With the volumes of oil and gas that society needs to function, the hazards that workers in the West Virginia oil and gas industry face every day are taken for granted. Their jobs are among those that are rated the most dangerous in the world. However, overtime and wage issues are prevalent. Does it not make sense then that they are adequately rewarded for the risks they take and the many hours they spend away from their families?
Under the Fair Labor Standards Act, a workweek is 40 hours, and any additional hours worked must be paid at one and one-half times the worker’s standard rate of pay per hour. Sadly, many employers find ways to limit the wages they pay to hard-working men and women. Some employers steal work hours by excluding some compensable hours.
Putting on personal protective equipment or a uniform, setting up or clearing a workstation, doing an inventory of stock or attending a pre-shift meeting are all compensable hours. Those hours must be added to regular work hours. Furthermore, whenever employees work through their lunch breaks, the law mandates that they must be compensated for those hours.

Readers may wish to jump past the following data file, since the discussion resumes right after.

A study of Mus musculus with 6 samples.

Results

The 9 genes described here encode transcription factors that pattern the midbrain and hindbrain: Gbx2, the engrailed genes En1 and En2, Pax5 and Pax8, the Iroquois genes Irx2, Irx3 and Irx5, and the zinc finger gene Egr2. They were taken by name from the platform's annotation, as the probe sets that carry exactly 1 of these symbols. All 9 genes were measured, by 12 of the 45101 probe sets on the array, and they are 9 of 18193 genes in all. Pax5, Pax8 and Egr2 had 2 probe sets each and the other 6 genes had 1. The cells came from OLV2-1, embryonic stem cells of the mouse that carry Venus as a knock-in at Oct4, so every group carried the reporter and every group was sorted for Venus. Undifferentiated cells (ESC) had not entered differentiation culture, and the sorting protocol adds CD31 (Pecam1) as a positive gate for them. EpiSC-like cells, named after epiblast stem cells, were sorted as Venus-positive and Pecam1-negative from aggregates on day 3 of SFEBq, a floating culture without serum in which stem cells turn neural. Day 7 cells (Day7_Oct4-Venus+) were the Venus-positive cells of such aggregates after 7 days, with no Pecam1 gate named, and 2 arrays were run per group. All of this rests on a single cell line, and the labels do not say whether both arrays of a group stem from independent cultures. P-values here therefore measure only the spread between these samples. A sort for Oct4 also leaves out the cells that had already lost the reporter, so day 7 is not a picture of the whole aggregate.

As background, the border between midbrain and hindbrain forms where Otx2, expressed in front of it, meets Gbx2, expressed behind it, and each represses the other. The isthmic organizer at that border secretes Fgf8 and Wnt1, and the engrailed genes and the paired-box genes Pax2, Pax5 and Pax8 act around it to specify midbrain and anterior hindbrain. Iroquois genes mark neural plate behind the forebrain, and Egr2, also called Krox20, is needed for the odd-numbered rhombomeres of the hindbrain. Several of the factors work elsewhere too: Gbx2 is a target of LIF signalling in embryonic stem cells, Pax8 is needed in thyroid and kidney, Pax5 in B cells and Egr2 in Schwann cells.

West Virginia oil field workers who are required to work up to 12 hours per day, sacrificing holidays and weekends without full compensation, might have questions about their employee rights. They might need advice on the steps they can take to resolve their overtime and wage issues, along with support and guidance throughout the ensuing legal proceedings. The most logical step might be to consult with an attorney who focuses on fighting for the rights of employees to get the compensation they deserve and to which they are entitled.